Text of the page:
Today's feature is from the Civilian Marksmanship Program.
Athletes of the Walhalla High School Army JROTC rifle team from Walhalla, South Carolina, really stand out on the range – not just for their performances, but for their unique rifles on the firing line.
The stocks are beautiful, rich displays of enthusiasm and perseverance, hand-crafted for the cadet who earned each drop of color. It’s a team tradition set nearly a decade ago that has gone on to keep the Walhalla Razorback athletes aimed toward an exciting ambition – and it’s fun to look at, too.
In April, the team competed in the 2023 JROTC Service Championship series held in Ohio, Alabama and Utah. The event, conducted by the Civilian Marksmanship Program (CMP), is a three-position precision and sporter air rifle competition for high school athletes. Walhalla’s Elaine Saint earned third overall in the sporter class at the Ohio match (eighth overall out of nearly 300 Army JROTC competitors between the three locations), while teammate Keagan Dean also finished within the top 10 athletes in Ohio.
COL Kevin Mangan, head coach of the rifle team, was there to witness it all. He’s been coaching at Walhalla for 17 years, always encouraging his athletes to reach higher by setting objectives – no matter how big or small they may be.
“Easy, tangible goals can be a great motivator, from beginners to more advanced athletes,” he explained. “Sometimes, it can be something as simple as, ‘Shoot a PR (personal record) and you get a vote on where we eat on a road trip.’”
Other times, the goal is a little more colorful.
The team’s artful rifle tradition manifested eight years ago when one of Walhalla’s cadets, Matthew Smith, placed at the JROTC Service Championships. After his success, he asked his coach if he could get his stock painted and personalized. To Smith’s delight, Mangan said yes.
Matthew’s theme of choice was a Gator Claw to display his love of his favorite college team, the Florida Gators. Matt Carroll, who, at the time, managed the air gun range at CMP’s southern location in Alabama, designed the rifle himself.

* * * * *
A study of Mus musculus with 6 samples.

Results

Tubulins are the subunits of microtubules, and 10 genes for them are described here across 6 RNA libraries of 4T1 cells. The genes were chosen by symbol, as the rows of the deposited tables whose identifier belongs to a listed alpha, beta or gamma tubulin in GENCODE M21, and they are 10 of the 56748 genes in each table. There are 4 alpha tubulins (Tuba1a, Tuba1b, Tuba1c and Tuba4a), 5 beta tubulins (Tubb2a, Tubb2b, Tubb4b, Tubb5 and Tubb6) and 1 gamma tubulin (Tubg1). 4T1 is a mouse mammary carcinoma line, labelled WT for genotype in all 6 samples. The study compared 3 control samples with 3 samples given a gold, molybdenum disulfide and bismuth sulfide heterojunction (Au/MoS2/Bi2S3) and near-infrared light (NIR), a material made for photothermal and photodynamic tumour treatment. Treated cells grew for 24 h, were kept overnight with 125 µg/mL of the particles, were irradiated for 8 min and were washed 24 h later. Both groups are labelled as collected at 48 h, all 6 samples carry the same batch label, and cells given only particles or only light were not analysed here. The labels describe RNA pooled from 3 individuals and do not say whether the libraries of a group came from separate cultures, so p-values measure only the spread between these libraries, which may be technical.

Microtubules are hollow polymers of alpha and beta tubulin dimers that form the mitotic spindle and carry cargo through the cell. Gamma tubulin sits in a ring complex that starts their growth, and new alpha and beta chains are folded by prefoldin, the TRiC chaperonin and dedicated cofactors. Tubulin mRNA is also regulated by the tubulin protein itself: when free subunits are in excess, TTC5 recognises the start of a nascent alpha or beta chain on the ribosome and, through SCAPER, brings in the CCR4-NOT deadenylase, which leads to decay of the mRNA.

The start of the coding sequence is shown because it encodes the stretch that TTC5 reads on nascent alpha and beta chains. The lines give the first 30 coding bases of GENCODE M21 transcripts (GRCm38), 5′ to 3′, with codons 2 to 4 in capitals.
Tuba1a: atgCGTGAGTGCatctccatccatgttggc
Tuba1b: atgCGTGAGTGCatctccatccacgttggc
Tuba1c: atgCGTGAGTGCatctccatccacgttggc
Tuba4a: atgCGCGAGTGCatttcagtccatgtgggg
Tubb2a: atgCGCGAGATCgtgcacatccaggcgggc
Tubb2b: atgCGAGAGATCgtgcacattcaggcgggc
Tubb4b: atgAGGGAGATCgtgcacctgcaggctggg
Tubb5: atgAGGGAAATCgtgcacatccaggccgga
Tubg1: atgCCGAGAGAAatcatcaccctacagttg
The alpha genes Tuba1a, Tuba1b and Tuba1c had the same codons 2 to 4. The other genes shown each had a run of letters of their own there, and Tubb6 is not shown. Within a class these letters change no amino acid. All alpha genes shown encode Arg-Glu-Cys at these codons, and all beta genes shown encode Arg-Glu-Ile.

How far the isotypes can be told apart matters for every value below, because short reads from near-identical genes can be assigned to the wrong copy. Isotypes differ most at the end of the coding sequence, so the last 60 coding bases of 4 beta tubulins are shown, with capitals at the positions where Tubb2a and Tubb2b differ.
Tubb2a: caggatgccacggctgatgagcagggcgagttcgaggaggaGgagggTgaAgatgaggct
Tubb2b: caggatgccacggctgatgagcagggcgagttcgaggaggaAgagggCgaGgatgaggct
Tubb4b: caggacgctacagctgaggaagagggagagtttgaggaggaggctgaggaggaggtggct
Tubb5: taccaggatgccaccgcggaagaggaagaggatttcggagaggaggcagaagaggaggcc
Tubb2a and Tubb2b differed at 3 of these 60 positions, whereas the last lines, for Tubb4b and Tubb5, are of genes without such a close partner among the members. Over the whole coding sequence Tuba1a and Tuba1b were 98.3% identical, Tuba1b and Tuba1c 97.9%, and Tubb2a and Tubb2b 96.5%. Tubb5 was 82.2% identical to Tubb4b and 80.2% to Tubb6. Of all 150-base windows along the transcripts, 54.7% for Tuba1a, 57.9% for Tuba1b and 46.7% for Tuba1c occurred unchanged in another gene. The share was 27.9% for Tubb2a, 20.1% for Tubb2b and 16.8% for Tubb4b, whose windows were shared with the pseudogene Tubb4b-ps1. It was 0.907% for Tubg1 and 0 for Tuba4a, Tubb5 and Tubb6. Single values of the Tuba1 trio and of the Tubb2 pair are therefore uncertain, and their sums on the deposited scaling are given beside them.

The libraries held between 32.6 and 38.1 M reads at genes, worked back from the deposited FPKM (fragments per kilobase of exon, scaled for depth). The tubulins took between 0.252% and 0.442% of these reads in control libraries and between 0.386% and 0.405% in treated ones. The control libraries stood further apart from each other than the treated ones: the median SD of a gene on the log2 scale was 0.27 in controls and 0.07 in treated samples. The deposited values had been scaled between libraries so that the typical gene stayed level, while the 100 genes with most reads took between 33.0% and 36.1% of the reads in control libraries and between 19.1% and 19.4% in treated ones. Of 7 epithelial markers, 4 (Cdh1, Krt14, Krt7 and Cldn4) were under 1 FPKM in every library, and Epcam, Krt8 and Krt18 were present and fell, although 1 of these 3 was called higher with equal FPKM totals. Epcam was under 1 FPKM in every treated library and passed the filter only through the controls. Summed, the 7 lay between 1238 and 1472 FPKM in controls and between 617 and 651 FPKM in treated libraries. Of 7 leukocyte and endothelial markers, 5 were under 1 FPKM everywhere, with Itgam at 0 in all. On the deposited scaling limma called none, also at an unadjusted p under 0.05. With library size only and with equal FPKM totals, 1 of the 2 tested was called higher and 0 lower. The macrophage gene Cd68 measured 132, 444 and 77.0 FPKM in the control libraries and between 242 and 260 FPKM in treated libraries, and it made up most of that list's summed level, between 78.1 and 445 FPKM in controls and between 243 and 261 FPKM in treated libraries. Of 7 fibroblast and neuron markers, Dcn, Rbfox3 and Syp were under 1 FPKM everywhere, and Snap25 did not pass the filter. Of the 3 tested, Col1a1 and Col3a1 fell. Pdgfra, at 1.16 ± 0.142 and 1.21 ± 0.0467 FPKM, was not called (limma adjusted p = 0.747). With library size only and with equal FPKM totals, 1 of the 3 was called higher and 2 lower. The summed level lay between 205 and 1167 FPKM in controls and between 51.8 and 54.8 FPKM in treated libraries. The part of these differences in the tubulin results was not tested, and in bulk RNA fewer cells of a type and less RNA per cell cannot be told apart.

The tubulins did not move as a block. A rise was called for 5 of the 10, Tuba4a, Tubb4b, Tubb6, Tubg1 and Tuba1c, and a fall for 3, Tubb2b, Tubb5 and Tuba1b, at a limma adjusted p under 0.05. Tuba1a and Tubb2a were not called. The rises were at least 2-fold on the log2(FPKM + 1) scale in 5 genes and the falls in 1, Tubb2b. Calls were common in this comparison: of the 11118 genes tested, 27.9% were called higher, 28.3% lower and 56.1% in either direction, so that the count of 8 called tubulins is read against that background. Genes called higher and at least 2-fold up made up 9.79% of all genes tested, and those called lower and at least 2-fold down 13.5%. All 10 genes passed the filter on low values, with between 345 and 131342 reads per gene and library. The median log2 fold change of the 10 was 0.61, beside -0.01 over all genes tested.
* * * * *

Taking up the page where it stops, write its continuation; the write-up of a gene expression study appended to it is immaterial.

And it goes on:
Other team members liked the idea of customizing a rifle stock so much that they asked their coach about decorating their own rifles. Mangan was onboard with the idea, but with a catch.
“I made the standard – shoot a 530 at a sporter match and you can customize your stock,” he explained.
Mangan thought it was a high enough mark that only one cadet a year might make it – but, to his surprise and delight, the athletes started working toward the score and achieving it.
“They cared about meeting the goal more than the results of the match,” he joked.
Now, reaching the honor of a painted rifle stock has become the ultimate focus of the varsity athletes. This season alone, four students have earned their custom stocks, including two freshman athletes, which has never happened in the history of the tradition.
“It gets established as the threshold for success,” Mangan said of the rifle painting. “We have smaller goals set as well, like score 200 and a rifle is assigned to you, and at 250, you name your rifle – just little things to continue to work toward.”
Once an athlete reaches the 530 score, he or she gets to pick the subject of the art on the rifle stock. Mangan’s wife and daughters take on the graphic work along with Walhalla’s art department. From The Lion King to The Chronicles of Narnia to Hunter x Hunter, each athlete’s theme represents their own personalities and the hard work they’ve accomplished on the range.
To commemorate the rifle team’s tradition, Walhalla High School has allocated a trophy case in the student common area to display stocks of graduated athletes. So far, there have been 11 painted rifles, with more added each year.
“It has become the thing to accomplish for the Walhalla JROTC Rifle team,” Mangan said.
Despite the emphasis on performance milestones, Mangan isn’t interested in how well his athletes score – there’s a more profound goal to be met in order to be a successful Razorback.
“Scores are nice but, how good of a teammate are you?” Mangan said.
“Team results are directly affected by support for each other when things are not going well,” he went on. “Embrace the journey and enjoy the experience instead of a score defining who you are.”
What began as a simple question has sparked lasting inspiration within the Walhalla rifle team. Yet, to Mangan, nothing stands out more vibrantly than true sportsmanship.
-- By Ashley Dugan, CMP Staff Writer
The Civilian Marksmanship Program is a federally chartered 501 (c) (3) non-profit corporation. It is dedicated to firearm safety and marksmanship training and to the promotion of marksmanship competition for citizens of the United States. For more information about the CMP and its programs, log onto www.TheCMP.org.